Study Finds Heavy or Binge Drinking by Younger Adults a Key Factor in Alcohol-Related Deaths


While numerous studies have linked moderate wine consumption to improved health outcomes, medical professionals agree that high alcohol intake, especially binge drinking, has negative consequences, including accidents, violence and longterm health problems. New research attempts to quantify just how serious those consequences can be, especially for young adults, who are at the highest risk of alcohol-related premature death.

The researchers argue that alcohol played a role in an estimated one in eight deaths among the overall study cohort and was at least partly responsible for one in five deaths in people aged 20 to 49. The study also found that men are at a higher risk of alcohol-related death than women.

Notably, the research does not contradict longstanding findings about the benefits of modest wine drinking.

The study, a collaboration between the U.S. Centers for Disease Control and Prevention (CDC) and the Canadian Institute for Substance Use Research at the University of Victoria, was published in JAMA Network Open this month. The authors concluded that over 140,000 deaths each year, or about five percent of total annual deaths in the U.S., can be wholly or partially linked to excessive alcohol consumption.

Of those alcohol-related deaths, nearly 45,000 occurred in people under the age of 50. Since adults aged 20 to 64 accounted for approximately two-thirds of all alcohol-related deaths, the researchers decided to focus their analysis on that cohort—a notable decision, considering that other research has shown people aged 65 and up are most likely to reap alcohol’s health benefits.

Using data from the CDC’s Behavioral Risk Factor Surveillance System, which gathers health information via telephone surveys, researchers analyzed the drinking habits of over two million people between 2015 and 2019. By comparing drinking patterns with the rates of 58 causes of death where alcohol might play a role (including liver disease, cancer, accidents, violence and more), the researchers calculated the number of deaths that were completely or partially linked to excessive alcohol use.

“Excessive alcohol use is a leading cause of preventable death, yet it remains under-recognized as a public health problem, and effective strategies to prevent [it] are underutilized,” Dr. Marissa Esser, head of the CDC’s alcohol program and lead author of the study, told Wine Spectator.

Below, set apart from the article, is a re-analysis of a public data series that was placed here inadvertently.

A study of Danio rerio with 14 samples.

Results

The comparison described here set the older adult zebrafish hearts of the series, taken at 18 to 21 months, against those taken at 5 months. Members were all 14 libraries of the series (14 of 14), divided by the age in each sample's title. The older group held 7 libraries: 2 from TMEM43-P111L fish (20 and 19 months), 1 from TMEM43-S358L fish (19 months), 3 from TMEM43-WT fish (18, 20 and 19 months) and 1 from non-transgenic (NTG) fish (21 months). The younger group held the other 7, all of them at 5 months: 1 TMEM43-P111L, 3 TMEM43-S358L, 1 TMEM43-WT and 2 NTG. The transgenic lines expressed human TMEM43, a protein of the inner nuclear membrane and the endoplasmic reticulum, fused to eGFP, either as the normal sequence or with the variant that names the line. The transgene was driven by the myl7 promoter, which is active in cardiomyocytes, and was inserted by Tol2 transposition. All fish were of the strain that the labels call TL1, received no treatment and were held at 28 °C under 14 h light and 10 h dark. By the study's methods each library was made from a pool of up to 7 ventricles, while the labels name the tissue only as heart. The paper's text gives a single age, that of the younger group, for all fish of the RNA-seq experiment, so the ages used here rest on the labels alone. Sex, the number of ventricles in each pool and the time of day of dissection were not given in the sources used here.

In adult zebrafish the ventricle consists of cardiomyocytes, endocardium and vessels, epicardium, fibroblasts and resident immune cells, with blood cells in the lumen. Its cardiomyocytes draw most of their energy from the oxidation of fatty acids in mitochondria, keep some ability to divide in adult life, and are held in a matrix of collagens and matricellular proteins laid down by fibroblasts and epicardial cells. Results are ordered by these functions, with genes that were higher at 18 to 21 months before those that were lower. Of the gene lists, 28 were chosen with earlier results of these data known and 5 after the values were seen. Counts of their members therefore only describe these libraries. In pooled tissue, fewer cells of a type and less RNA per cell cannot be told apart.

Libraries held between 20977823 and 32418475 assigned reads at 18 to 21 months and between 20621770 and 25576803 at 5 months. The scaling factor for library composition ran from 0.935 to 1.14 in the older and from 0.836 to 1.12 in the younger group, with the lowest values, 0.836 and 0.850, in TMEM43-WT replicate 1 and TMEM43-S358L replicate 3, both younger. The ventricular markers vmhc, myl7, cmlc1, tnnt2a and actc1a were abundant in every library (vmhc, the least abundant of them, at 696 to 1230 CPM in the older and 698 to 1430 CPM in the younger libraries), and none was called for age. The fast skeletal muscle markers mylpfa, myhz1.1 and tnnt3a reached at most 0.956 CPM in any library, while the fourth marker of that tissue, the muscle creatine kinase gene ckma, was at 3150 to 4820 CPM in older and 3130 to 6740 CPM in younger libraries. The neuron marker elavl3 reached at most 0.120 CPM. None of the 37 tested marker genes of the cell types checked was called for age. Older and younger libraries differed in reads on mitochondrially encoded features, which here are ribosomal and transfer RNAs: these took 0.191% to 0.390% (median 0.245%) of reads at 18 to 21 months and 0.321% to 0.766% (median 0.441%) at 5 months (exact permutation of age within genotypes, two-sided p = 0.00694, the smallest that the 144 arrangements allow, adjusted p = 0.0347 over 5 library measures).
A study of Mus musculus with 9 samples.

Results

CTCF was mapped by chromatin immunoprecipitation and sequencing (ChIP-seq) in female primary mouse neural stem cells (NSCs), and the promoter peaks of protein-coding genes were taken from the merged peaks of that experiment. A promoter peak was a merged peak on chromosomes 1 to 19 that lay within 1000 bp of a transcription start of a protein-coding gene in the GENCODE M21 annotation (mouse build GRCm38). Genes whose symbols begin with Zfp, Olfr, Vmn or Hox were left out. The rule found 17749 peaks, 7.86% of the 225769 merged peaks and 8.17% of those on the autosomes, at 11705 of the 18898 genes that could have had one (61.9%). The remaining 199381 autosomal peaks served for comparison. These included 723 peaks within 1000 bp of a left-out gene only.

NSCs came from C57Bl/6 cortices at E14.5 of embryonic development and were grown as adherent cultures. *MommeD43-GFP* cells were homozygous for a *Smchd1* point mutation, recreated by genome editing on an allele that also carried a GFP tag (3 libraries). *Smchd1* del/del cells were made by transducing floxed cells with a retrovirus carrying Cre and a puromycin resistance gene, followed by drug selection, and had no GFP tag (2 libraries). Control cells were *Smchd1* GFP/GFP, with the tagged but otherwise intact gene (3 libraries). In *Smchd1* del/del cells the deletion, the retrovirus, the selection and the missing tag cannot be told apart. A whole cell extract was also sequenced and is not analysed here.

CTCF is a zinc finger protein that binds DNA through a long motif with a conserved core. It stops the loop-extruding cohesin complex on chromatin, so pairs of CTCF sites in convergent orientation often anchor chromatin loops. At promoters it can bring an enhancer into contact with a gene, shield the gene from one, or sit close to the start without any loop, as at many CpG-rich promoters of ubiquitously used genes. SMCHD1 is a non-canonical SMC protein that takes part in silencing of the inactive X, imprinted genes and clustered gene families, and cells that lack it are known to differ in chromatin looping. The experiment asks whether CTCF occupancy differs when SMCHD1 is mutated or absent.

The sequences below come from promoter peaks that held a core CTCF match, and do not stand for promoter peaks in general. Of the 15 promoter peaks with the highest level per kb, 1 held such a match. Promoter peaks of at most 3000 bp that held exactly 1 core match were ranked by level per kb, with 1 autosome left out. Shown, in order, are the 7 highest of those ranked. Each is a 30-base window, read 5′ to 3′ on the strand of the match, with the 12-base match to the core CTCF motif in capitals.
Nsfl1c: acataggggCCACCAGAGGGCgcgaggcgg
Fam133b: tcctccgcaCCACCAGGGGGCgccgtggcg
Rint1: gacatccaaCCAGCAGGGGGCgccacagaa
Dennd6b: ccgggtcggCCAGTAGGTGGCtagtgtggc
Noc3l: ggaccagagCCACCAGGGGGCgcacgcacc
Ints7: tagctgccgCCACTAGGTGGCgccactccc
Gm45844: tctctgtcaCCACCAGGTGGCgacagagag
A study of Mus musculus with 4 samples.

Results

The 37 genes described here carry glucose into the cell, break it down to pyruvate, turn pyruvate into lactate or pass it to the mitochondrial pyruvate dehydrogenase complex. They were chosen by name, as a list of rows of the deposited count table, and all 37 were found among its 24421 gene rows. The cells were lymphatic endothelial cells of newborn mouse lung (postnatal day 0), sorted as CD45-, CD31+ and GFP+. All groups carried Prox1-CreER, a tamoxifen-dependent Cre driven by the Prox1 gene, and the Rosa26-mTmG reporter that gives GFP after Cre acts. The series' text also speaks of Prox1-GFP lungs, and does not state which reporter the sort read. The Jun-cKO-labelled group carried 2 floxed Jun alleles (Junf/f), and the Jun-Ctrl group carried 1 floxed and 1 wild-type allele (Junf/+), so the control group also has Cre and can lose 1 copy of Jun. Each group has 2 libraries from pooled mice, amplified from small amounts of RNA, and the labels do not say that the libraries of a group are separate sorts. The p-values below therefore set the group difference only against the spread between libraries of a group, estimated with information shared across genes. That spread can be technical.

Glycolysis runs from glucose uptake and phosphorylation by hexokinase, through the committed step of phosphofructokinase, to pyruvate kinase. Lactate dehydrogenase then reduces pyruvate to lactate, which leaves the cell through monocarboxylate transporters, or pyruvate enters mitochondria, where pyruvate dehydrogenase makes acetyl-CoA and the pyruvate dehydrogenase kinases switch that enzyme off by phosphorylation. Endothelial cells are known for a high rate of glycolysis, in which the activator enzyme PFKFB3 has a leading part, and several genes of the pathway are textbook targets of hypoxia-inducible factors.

The study’s main finding is that young people are at elevated risk of death due to acute causes, mostly related to binge drinking. These findings echo a recent study that found young adults are more susceptible to alcohol-related accidents, including car crashes and interpersonal violence, while older adults are more likely to reap alcohol’s protective health benefits.

For the youngest cohort in the CDC study, those aged 20 to 34, alcohol-related deaths accounted for over 25 percent of total deaths. Among deaths where alcohol played a role, the top three causes—other poisonings (deaths involving high blood alcohol content and another substance in addition to alcohol), motor vehicle traffic crashes and homicide—accounted for nearly 72 percent.

The study also found that as people get older, their risk of alcohol-related death decreases. While alcohol played a role in 25.4 percent of deaths among people aged 20 to 34 and 17.5 percent among those aged 35 to 49, it was linked to 9.5 percent of deaths among those aged 50 to 64.

While the study’s findings are serious, they don’t negate evidence of the benefits of moderate wine drinking. The study was concerned with excessive alcohol consumption (eight or more drinks per week for women and 15 or more drinks for men) and binge drinking (four or more drinks in one sitting for women, and five or more for men). For wine, one drink was classified as a 5-ounce glass of wine with 12 percent alcohol by volume.

The study did not differentiate between types of alcohol consumed. According to Esser, “Regardless of the type of alcohol consumed, the risk of getting cancer and several other chronic diseases (such as liver disease or hypertension) is higher with increasing amounts of alcohol consumed.” The study also relied on questionnaires about drinking habits, which are not always accurate. 

What does the study mean for those who want to maintain a healthy lifestyle while maximizing their vinous pleasure? Esser counsels that “to reduce the risk of alcohol-related harms, it is  recommended that adults of legal drinking age choose not to drink, or drink in moderation by limiting intake to  two drinks or less in a day for men and one drink or less in a day for women, on days when alcohol is consumed.”